Something happened when I started communicating with animals in a deeper way. I realized that I couldn’t be a vegetarian.

I grew up vegetarian, and have only eaten meat a handful of times in my life. But my dairy and egg consumption was something I didn’t think too hard about. Until now.

There is something out of alignment for me if I am harming animals in any way when I eat- so, I’ve made the switch to becoming vegan. I’m not super strict about anything in my life, so I won’t be a perfect vegan. But, I am trying.

And, I respect you if you aren’t. Like all my vegan friends who loved me when I wasn’t vegan, I love you and I trust your choices. But I did feel compelled to write about my journey to here. Maybe something will resonate with you!

Here are the three major reasons why I’m trying my darndest to not just be a vegetarian, anymore.

I Love the Environment

The UN just issued another report imploring us all to become vegan, on the heels of the release of Cowspiracy, streaming now on Netflix.

I encourage you to peruse these links asap, but in summary, the meat, seafood, and dairy industries are growing across the globe, and that means really bad news for ecosystems and climate impact. It’s simply unsustainable for everyone in the world to eat as much animal products as we do in America.

On a recent trip to Vermont I was disappointed to learn there weren’t many clean bodies of water where we could swim. The dairy industry affects the rivers and lakes, even as the picturesque farms seem to be treating the cows as well as you could hope.

In more intense factory farming and ocean fishing regions, the environmental costs are WAY worse. And other parts of the industry – processing, shipping, refrigeration – all intensify those costs to our planet.

So I will preach to you – cause isn’t that the stereotype of vegans we love best 😉

… If you consider yourself an environmentalist, then please question the impact of your consumption of animal products. If you are open to the truth, eating salmon or goat cheese might not be so appealing.

I Love Myself

In my early 20’s I occasionally ate meat. My partner at the time was a very skilled cook when it came to bacon and burgers. Always up to try new things, I would enjoy his creations.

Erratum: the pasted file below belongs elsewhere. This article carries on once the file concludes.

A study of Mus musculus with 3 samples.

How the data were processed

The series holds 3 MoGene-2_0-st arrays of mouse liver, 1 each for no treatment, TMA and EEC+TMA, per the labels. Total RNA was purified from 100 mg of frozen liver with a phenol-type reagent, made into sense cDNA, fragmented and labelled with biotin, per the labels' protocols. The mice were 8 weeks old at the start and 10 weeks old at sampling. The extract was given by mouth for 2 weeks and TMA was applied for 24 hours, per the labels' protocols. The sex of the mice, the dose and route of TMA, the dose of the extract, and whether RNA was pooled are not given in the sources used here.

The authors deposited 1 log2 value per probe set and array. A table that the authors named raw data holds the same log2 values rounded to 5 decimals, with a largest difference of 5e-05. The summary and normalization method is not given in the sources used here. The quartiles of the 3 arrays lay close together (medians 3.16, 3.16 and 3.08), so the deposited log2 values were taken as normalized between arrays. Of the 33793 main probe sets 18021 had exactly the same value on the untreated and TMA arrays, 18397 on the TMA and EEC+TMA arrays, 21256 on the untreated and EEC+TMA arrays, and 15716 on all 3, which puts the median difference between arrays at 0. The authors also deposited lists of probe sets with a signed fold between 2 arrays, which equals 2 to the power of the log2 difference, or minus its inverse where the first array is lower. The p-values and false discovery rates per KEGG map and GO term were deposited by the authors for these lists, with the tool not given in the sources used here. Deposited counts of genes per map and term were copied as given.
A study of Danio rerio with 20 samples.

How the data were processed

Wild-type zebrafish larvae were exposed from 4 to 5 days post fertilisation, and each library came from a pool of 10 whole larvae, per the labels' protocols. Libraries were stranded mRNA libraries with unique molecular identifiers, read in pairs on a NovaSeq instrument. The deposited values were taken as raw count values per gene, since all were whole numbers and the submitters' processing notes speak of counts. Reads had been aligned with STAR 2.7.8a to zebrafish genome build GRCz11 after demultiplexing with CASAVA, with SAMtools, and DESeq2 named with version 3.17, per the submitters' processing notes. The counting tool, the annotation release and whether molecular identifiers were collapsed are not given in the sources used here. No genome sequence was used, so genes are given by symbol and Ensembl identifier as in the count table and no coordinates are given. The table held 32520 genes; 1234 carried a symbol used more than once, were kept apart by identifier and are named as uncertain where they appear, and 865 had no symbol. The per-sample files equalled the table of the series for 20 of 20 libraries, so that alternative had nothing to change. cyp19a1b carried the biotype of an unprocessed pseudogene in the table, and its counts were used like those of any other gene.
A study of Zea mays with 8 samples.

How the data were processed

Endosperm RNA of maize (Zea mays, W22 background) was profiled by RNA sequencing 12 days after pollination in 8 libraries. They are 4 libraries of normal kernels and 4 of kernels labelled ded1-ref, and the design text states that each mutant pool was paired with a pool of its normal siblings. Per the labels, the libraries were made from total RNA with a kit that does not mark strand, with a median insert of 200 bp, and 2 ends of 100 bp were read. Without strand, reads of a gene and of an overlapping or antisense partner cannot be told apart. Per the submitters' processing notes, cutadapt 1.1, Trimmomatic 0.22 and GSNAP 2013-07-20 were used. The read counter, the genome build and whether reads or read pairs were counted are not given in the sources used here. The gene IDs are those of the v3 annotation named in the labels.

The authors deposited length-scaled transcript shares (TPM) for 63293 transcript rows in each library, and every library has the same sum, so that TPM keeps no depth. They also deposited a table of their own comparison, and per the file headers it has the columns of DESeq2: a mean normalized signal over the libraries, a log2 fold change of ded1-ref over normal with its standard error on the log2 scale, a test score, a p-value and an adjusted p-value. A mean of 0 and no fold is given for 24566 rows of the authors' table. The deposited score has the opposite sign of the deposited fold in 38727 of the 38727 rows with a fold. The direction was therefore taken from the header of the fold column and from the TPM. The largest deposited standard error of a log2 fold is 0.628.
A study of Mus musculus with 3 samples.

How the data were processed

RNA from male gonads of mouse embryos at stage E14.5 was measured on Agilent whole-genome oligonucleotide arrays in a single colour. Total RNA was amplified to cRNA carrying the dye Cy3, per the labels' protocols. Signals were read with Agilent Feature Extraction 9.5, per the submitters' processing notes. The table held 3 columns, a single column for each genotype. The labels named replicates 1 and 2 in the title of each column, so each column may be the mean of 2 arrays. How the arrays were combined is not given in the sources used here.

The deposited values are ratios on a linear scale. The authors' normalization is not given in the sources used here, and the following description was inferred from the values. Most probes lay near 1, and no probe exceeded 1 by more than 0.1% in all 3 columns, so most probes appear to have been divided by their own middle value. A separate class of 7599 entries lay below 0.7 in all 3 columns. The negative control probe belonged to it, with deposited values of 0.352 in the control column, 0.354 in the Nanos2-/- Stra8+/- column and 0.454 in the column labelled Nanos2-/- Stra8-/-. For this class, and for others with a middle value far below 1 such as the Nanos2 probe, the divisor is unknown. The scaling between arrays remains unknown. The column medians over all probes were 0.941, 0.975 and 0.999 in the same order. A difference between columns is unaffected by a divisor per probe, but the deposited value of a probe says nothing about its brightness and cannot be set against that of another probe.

As I considered being a carnivore for the first time in my life, I faced a moral conundrum. I felt that if I was going to choose to eat cows and pigs, then I should be able to slaughter them.

Friends of mine have farms. I could have easily set up a trip to go be part of animal processing. But I knew that deep down I wouldn’t be able to pull it off.

Here’s my preaching part of this section: If you are going to eat meat, then I encourage you to go on the journey this woman took. Find a farm, and kill your food.

I couldn’t do it. And when I realized that dairy production involved taking baby cows and goats away from their mothers, I admitted to myself that I wouldn’t be able to separate a heifer and calf either.

Framing it this way helps me feel the impact my vegetarianism was having.

I Love Everyone

That brings me to the vegan argument that pulls my heartstrings the most – abolition.

I’m a fan of people. Most humans are pretty awesome. I support Black Lives Matter and anti-sweatshop activism and everything else human rights because I think racism totally sucks. It’s horrible how a disproportionate number of black men are in prison and killed each year: a stark modern reminder of slavery.

Animal communication proves to me that nonhuman animals are sentient and feel things deeply, just like friends of mine with African ancestry.

So why should animals be treated like we used to treat slaves?

During slavery, African women were literally bred to produce new slaves. Mothers and children were separated by the “owners,” because they were viewed as property. That sounds an awful lot like what happens during dairy production.

To put it another way, here’s a bit about animal rights theory from The Abolitionist Approach website:

“Moreover, as long as animals are human property, animal welfare standards will never provide adequate protection to animal interests. A shorthand way of describing the view presented here is to say that all sentient beings should have at least one right—the right not to be treated as property.”

I won’t get preachy about this one. I’ll just say – I can’t justify supporting any animal, human or otherwise, to be treated as property. No matter how much I love ice cream.

Owning My Vegan Side

There are tons of challenges to being vegan. (Just look at this list of unexpected things that contain animals). Baked goods won’t taste the same, and I’ll have to forgo some of the easier options when eating out. Many of my sacred family recipes will have to be modified.

In the grand scheme of the ENTIRE WORLD, these seem small costs to pay.

I believe that every choice we make has an impact, so I’m encouraging you to explore what it would mean to reduce your consumption of animal stuff. Maybe there’s something you could cut back on?

Do it for the environment, yourself, everyone! And, because I love you.

Photo credit: Aria Everts – An incredible vegan meal my dad prepared with fresh greens from his garden… in December! I’m grateful my parents raised me on mostly fresh vegetables and model small-scale intensive farming methods.